Editor's note: Thomas W. Pauken II is the author of "U.S. vs China: From Trade War to Reciprocal Deal," and a consultant on Asia-Pacific affairs and geopolitical commentator. The article reflects the author's opinions and not necessarily the views of CGTN.
The European Union announced that it will impose 15 percent reductions on energy consumption for all its 27 member states, going into effect as of this Tuesday, August 9. The European Union Commission calls for the mandates, which will continue on from August through March next year, in efforts to store sufficient gas capacity for the continent this winter.
According to experts, the EU must store a bare minimum of 30 billion cubic meters for the bloc's residents to survive an average or warmer than normal winter. There's no guarantee such balmy weather patterns will occur, simply because Europeans hope so.
There's a probability the next winter could be colder than expected and if that's the case – the EU must store gas capacity from a range of 30-45 billion cubic meters. Nonetheless, these figures are not realistic either, since that's assuming most European families would refrain from heating their homes. Therefore, Europe requires real storage capacity at about 60-70 billion cubic meters of gas.
Nonetheless if Brussels intends on following up on its stringent economic sanctions against Moscow, the regional bloc cannot avoid the dire energy shortages for the winter that looms ahead, even with its 15 percent electricity consumption reductions.
Yet, the EU is not expected to push back against Washington, which will create doomsday conditions for them. Brussels has joined in with London and Washington to stand strongly opposed to Moscow over the Russia-Ukraine conflict. However, the sanctions have seriously harmed the EU economy while Brussels remains unwilling to show compromise with Moscow.
Kremlin delays receiving a turbine
Europe will likely confront a dark winter ahead, but they could still avert the worst case scenario. Nevertheless that would require Brussels to rebel against the United States' hegemony policy.
Russian President Vladimir Putin has increased the stakes by delaying actions to receive a Nord Stream 1 gas turbine that was repaired by German-based Siemens Energy as they had conducted maintenance in Canada. The turbine was scheduled for delivery to Russia last month.
Gazprom, the Russian state-owned gas supplier, operates the Nord Stream 1 pipeline that runs through the Baltic Sea and transports gas into a LNG terminal located on Germany's north coast. Due to delays, Russia can deliver only about 20 percent of gas capacity via the Nord Stream 1 while energy prices keep soaring higher.
The Kremlin explained they could not take control of the turbine, since the EU, U.S., Canada and United Kingdom have all placed sanctions on exporting equipment products to Russia. It should also be noted that only engineers from Siemens Energy can install the turbine into the pipeline.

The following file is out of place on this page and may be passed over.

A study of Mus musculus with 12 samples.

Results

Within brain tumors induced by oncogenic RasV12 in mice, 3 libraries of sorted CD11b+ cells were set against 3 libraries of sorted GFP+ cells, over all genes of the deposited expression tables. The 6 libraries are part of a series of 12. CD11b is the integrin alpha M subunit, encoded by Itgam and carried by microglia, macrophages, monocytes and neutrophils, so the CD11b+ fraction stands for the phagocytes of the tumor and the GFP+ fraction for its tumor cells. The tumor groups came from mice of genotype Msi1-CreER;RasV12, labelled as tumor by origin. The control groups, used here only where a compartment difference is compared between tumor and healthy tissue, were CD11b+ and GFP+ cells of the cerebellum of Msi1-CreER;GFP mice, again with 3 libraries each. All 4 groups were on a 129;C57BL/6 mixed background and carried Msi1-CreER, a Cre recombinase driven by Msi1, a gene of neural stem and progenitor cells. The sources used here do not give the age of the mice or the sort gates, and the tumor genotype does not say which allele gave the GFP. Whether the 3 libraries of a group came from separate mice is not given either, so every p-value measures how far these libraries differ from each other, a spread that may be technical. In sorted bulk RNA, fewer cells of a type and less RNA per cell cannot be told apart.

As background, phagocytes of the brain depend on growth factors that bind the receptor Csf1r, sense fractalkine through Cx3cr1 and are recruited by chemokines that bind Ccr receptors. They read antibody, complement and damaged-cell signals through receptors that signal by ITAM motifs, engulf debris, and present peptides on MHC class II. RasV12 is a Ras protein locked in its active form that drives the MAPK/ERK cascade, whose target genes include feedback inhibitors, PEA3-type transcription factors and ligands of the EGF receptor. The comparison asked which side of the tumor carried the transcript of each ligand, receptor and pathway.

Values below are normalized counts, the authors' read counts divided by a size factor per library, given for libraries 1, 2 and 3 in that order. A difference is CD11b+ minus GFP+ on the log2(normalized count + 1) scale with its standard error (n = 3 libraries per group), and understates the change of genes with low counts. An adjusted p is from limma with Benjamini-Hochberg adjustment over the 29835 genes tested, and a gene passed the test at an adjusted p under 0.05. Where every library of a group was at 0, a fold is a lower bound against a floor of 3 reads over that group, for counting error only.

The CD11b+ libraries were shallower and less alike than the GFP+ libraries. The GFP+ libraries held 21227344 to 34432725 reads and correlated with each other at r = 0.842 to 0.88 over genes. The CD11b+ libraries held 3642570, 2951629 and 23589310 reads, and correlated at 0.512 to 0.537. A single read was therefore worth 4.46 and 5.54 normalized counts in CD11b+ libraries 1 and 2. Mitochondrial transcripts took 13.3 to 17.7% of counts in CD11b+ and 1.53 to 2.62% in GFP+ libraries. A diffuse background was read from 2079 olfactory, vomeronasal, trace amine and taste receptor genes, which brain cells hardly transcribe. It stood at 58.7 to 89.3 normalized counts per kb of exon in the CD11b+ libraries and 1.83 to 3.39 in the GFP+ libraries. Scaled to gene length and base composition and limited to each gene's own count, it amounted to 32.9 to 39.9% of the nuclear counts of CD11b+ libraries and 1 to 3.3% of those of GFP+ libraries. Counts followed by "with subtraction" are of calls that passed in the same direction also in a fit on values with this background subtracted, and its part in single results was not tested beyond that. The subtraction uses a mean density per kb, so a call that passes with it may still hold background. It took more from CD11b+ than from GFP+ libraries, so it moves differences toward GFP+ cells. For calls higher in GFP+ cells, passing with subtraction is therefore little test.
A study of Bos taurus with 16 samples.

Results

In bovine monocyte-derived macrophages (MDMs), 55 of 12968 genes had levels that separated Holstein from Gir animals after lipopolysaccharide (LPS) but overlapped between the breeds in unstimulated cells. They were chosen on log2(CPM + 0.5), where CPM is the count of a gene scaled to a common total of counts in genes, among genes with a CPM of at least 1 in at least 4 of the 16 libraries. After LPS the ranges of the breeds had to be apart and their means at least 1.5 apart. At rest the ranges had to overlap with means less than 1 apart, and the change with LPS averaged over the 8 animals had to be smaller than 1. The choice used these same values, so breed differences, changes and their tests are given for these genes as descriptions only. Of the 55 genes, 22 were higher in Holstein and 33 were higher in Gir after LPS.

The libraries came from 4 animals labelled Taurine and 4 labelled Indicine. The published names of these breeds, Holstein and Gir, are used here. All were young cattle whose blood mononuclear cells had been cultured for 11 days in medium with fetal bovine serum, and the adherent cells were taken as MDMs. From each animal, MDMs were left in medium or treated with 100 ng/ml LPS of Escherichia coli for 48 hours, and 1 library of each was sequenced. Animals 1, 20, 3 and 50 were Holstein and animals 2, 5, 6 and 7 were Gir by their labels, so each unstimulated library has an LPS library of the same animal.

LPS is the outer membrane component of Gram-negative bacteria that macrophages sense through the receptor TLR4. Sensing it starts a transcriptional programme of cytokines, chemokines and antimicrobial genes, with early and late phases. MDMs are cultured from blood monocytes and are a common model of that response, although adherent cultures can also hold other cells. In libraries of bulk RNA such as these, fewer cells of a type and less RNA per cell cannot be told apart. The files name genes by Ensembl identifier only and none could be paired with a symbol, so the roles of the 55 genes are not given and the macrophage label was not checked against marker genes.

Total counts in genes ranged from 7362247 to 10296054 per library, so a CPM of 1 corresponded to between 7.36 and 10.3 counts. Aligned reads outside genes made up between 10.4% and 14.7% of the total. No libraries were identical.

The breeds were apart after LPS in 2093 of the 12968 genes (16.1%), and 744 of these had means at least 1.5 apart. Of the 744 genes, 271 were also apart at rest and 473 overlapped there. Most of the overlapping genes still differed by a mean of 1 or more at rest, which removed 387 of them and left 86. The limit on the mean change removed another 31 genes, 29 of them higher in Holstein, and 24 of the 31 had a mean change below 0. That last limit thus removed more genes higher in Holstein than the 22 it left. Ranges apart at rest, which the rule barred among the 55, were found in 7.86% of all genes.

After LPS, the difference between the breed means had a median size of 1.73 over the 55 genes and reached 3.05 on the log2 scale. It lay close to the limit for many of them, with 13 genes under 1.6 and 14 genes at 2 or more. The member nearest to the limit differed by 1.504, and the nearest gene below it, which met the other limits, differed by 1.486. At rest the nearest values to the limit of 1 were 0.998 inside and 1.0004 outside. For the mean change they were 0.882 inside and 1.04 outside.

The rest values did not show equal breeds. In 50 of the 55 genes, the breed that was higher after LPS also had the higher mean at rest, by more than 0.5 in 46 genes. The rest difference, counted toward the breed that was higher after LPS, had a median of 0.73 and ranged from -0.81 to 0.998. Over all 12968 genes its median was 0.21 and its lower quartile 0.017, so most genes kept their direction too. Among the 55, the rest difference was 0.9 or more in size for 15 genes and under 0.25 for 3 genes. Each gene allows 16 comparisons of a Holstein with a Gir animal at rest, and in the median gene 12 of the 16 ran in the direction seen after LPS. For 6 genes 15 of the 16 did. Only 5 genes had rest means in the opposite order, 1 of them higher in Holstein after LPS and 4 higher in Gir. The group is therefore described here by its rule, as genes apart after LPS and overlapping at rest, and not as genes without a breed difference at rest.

Additionally, Siemens AG announced plans on May 12 to withdraw its business operations from Russia. A corporate statement said:
"Siemens will exit the Russian market as a result of the Ukraine war. The company has started proceedings to wind down its industrial operations and all industrial business activities. The financial impact of this decision will be reported as part of the regular disclosure on the second quarter results today on May 12, 2022."
Although Siemens conducted a spin-off of Siemens Energy in September 2020, the two companies remain closely linked. If Putin agrees to accept the turbine, Siemens Energy would have to change course on Siemens AG's prior decision to withdraw its operations in Russia.
Brussels won't budge on sanctions
Putin has placed the EU in a corner but Washington will still bully Brussels, demanding they not back down over sanctions with Russia. And if many ordinary Europeans suffer the severe consequences of freezing next winter, the EU will stand firm with the U.S. regardless.
Meanwhile, the EU Commission keeps thinking they can avoid calamity by mandating 15 percent energy cuts.
"Considering the imminent danger to the security of gas supply brought about by the Russian military aggression against Ukraine, this regulation should enter into force as a matter of urgency," as stated in the European Union's official administrative gazette.
The words sound alarming but a few EU member states are not connected to Europe's connectivity grid, nor do they have access to gas pipelines. Spain and Portugal are refusing to share gas with France, while Ireland, Malta and Cyprus have received full exemptions and not required to comply with energy reductions' mandates.
In other words, the 15 percent cutbacks will not succeed and media reports are speculating that the real reductions are estimated to be at around 10 percent or lower.
EU must take more urgent response
The EU is sleepwalking toward disaster. The energy shortages in the continent are getting worse with each passing day. Brussels could take a more independent approach by pushing back against the U.S.-led sanctions on Russia, but EU officials lack the courage and fortitude to support such actions.
Widespread energy shortages striking Europe this winter seem inevitable. EU member states will likely endure unexpected rolling black outs, as well as suspension of heating at homes, offices and other public places. The U.S. will not come to the rescue, since the transport infrastructure and LNG terminals to accept U.S. gas imports won't be in place until spring next year at the earliest date.
Europe will feel the pain for failing to strike back against U.S. hegemony. Should we feel sorry for Europeans? No, they made the stubborn decision to stand with Washington and they must suffer the consequences for it.